Amazon Beats Google to Cloud Music Service


"Managing a digital music collection is a bit of a mess," Amazon CEO and Founder Jeff Bezos said in an open letter to customers on the Amazon Website on Monday. "It's possible to buy music from your phone, but then it might get stuck there. It's possible to buy music from your work computer, but then you have to remember to transfer it to your home computer…What's more, if you're not regularly backing up your music collection, you can lose it with a disk drive crash."

Amazon then purports to have found a solution with its new services: Amazon Cloud Drive and Amazon Cloud Player.

Amazon Cloud Drive is a "personal disk drive in the cloud," while Amazon Cloud Player is, well, a Web-based music player. That's right--Amazon Cloud Drive will be something like Google's rumored digital music locker, a cloud-based storage system for all of your tunes.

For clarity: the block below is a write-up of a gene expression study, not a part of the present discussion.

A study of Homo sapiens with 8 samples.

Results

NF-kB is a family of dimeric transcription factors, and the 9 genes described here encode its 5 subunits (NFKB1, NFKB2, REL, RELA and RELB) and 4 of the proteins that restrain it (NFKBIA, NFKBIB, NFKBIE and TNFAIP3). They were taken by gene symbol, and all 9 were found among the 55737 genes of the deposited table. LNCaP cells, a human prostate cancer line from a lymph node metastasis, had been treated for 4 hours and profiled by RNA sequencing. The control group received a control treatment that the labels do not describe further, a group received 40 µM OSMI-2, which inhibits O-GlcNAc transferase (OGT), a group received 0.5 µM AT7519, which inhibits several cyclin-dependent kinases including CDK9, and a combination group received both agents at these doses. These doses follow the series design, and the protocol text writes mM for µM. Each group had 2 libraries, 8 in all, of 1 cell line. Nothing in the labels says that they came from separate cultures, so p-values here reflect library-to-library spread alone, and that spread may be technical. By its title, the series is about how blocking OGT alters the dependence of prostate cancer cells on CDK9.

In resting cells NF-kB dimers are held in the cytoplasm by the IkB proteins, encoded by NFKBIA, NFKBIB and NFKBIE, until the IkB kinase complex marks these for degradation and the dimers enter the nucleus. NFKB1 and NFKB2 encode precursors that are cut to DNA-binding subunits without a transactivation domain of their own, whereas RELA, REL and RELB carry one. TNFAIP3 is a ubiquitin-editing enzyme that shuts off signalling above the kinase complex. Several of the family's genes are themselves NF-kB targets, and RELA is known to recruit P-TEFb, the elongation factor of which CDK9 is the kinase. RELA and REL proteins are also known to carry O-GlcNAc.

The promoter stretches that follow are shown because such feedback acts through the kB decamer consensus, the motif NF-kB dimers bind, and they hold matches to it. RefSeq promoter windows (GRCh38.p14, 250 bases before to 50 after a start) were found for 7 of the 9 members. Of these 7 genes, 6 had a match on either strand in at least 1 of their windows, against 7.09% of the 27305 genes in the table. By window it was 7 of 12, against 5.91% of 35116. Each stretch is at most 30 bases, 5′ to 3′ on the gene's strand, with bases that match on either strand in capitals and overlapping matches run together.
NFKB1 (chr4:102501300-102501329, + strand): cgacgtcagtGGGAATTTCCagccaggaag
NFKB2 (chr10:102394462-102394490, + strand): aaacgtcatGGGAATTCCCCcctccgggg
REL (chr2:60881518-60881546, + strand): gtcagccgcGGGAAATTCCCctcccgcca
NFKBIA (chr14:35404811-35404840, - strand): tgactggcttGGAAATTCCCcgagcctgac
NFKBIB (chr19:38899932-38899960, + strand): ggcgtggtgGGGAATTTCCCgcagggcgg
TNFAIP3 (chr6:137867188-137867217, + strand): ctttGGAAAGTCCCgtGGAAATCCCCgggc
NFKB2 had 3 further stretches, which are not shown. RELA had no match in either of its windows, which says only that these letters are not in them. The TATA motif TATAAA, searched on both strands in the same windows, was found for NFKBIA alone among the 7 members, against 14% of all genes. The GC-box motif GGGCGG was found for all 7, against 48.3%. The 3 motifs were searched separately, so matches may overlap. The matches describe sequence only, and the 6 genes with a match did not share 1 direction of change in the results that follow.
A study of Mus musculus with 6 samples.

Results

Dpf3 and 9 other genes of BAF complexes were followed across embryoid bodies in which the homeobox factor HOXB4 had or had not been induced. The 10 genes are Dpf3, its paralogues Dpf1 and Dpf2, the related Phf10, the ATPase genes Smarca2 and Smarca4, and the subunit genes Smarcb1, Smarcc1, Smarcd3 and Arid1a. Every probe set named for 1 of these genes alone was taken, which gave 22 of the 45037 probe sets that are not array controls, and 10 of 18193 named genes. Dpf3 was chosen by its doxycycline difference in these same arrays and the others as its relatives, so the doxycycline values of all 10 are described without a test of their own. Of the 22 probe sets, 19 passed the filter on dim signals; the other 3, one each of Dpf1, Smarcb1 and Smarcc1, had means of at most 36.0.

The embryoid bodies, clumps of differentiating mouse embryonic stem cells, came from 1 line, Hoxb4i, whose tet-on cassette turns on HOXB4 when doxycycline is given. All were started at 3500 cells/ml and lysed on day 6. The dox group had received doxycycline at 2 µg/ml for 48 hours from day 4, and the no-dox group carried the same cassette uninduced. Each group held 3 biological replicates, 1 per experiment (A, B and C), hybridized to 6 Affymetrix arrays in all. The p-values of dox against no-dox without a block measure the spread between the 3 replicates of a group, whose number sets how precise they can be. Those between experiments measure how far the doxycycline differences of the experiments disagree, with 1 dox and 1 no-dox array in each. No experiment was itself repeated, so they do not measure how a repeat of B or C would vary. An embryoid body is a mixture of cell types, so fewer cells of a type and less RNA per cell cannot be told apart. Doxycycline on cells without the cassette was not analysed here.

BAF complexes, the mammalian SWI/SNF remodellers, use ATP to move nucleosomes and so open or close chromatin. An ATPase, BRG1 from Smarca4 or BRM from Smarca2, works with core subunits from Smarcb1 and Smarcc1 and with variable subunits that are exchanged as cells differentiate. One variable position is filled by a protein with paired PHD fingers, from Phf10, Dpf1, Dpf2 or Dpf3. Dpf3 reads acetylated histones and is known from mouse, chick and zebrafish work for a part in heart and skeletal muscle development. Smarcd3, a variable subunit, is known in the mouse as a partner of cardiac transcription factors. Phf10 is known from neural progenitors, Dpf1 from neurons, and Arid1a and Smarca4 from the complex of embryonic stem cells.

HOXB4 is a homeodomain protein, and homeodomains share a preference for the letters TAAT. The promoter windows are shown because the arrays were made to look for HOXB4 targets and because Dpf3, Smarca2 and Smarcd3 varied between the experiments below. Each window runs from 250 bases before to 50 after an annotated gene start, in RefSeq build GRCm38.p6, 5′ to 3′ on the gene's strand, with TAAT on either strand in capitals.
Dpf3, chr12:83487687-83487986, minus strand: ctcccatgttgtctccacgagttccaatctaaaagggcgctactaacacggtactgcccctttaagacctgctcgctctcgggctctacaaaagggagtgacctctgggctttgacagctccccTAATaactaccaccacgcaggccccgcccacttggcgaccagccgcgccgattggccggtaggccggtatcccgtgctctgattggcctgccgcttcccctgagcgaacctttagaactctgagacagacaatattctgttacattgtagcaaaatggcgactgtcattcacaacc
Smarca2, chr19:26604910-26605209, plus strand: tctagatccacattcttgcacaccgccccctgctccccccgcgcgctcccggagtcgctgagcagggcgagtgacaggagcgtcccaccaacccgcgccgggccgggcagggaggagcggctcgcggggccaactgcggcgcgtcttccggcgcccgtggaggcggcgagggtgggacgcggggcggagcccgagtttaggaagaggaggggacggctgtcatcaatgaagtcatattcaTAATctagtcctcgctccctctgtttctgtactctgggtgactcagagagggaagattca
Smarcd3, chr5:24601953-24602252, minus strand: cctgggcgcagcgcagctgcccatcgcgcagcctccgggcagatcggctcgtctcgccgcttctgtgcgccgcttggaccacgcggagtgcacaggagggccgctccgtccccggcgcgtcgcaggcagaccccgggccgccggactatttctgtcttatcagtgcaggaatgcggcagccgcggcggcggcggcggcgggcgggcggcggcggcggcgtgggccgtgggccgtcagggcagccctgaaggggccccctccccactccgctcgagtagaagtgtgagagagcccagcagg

This is big news for both Apple and Google--Apple, because iTunes has been the market leader for…well…ever (66 percent of digital music sales in December 2010 were from iTunes), and Google, because Google has reportedly been unsuccessful in trying to make a cloud music "locker" happen.

The Cloud Drive is the big news: Not only can you upload and access your digital music collection from anywhere, but you can also upload "any other digital documents." Amazon is giving its customers an initial 5GB of free cloud storage--and purchases from the Amazon MP3 store are stored for free and do not count toward customers' storage quota.

Amazon Cloud Player is just a simple browser-based music player, but Amazon has also pushed out an Android app by the same name. Based on Amazon's recent push toward Android, it does seem like an Amazon tablet running Android is inevitable.